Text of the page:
Mountain Tap Brewery on Safe Reopening

Like most of you, I have missed eating out in brewpubs and uncertain when I would feel comfortable to give it a try once again. Finding myself in Steamboat Springs, Colorado with my family and knowing what a quality operation Rich and Wendy Tucciarone run at Mountain Tap Brewery (MTB), I knew they could pull off a great safe solution and they did. Here are some of Tooch’s thoughts on MTB re-opening.

A safer way to get out and about and enjoy some quality brews!

“Everything we’ve built has been around community and gathering which is pretty tough to do these days!! We really spent a lot of time – well, we had 2 months of shut down/takeout only that was painfully slooooooow to really try to put some thought into what options for re-opening could look like so we were ready to execute the plan once we got the green light to re-open and keep as much of the feel/vibe as we could. For starters, we do “air fives” & “air hugs” now at 6’ distance instead of actual high fives & hugs with staff.”

“We have open floorplan at Mountain Tap along with high ceilings and lots of outdoor seating so that is definitely a plus and helps us operate and keep staff/guests safe because we are only allowed to have ~30 people inside under current regs which is working with our summer configuration but certainly not sustainable long term and has us very concerned about winter ops!”

“The city has been very good to work with by allowing us to expand our outdoor seating into what used to be parking stalls.  This area is now known as the Mountain Tap “barrel corral” and our landlord has allowed us to move into a grassy area on side of building for picnic and takeout.  As for the  barrel corral, I was able to get some extra barrels from our friends at Avery along with some reclaimed beetle kill 1X6 plank overage from a local sawmill that I used for the siding, so the corral is made entirely with reused/reclaimed items and stays on-brand with MTB core values.”

Nice signage regarding a safer way to picnic — with quality brews of course!

“We have restructured our FOH pub staff in order to be more efficient. Everyone does everything and rotates through roles. For example, a person may be a server on Friday, bartend on Saturday, and then bus tables on Sunday and everyone shares the tip pool. That said, it still takes a lot more work to generate a fraction of revenue. We now have 1-2 host/hostess positions per shift, we need them to get guest information for contact tracing (name, phone, table they sat at, time, etc.) and maintain those records for 21 days. Other re-opening costs include extra cleaning and sanitation supplies, costs to expand seating areas, and more to-go boxes/containers.  Some of our labor costs have also increased due to the current seating, service, and food preparation configuration.”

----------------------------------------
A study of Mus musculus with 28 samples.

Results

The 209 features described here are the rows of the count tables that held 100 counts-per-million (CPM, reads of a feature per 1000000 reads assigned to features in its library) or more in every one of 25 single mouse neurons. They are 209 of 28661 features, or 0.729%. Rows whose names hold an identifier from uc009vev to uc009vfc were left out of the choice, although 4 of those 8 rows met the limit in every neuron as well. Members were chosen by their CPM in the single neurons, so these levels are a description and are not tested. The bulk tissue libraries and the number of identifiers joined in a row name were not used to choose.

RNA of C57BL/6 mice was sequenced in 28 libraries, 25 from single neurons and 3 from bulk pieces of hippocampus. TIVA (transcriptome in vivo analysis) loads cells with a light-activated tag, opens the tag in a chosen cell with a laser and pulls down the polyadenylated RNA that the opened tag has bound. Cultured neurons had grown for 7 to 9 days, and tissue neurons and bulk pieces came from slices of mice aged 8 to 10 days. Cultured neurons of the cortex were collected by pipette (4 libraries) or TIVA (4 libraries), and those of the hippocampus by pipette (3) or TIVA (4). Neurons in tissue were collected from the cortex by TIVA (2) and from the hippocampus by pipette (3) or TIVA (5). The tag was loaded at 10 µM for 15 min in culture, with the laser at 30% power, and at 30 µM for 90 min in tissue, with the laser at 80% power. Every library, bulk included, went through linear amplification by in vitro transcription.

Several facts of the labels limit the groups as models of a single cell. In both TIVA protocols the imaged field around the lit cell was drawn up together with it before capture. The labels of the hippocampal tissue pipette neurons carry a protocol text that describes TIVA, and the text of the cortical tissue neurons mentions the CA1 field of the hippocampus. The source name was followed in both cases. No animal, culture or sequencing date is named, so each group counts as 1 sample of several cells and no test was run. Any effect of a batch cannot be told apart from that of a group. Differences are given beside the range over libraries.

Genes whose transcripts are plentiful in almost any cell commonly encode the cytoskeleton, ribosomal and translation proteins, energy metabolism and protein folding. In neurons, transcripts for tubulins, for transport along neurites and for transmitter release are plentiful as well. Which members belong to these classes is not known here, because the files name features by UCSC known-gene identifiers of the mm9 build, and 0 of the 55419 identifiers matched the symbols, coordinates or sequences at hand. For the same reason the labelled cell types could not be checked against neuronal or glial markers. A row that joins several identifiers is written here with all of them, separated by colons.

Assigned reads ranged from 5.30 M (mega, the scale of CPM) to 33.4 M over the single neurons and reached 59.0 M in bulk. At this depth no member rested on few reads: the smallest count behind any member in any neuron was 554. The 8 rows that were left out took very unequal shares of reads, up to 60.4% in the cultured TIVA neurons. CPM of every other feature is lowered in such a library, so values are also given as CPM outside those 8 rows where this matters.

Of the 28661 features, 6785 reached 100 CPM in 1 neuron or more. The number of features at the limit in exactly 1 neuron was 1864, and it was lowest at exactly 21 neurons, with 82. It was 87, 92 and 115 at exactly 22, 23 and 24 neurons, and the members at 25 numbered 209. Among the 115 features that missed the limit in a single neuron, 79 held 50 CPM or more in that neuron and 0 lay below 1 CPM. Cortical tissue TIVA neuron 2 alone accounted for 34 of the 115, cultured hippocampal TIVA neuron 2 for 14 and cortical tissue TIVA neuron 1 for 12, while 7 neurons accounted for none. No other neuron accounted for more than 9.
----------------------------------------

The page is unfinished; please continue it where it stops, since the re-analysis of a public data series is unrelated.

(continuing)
“MTB just celebrated our 4th anniversary on July 7th.  Since we opened on 7/7, we’ve brewed a beer with a 7-7 theme (for good luck/lucky 7’s) each year for our anniversary.  Usually a strong pale ale/IPA style with 7 grains, 7 hop varieties, 7% abv, 70 BU’s. This year since it has been so goofy, and everything is unclear or in a “haze” we went with 7-7 Haze using 7 different types of grains and 7 hop varieties. Briess’ Blonde RoastOat™ is in this year’s Anniversary Haze beer at a 22% inclusion rate.”

Mountain Tap is making the most of this challenging situation. We hope all of you out there are able to do the same and maybe something in this blog can help. If you are in the Steamboat Springs area, stop in and check out the corral – Cheers!

About Dan Burick

Dan BurickDan comes to Briess with 26 years of professional craft brewing knowledge in both pub and production brewing. Dan started brewing beer at Squatters Pub Brewery six weeks after it opened in 1989. He brewed for about a year before attending brewing school at the Siebel Institute of Technology. In 1997, in partnership with the Doemens Brewing Academy in Munich, Germany and Siebel Institute of Technology, Dan completed a course in Bavarian Brewing Technology. Soon after, he became Director of Brewing for the Utah Brewers Cooperative, which operates two brewpubs and one packaging facility for the Squatters and Wasatch brands.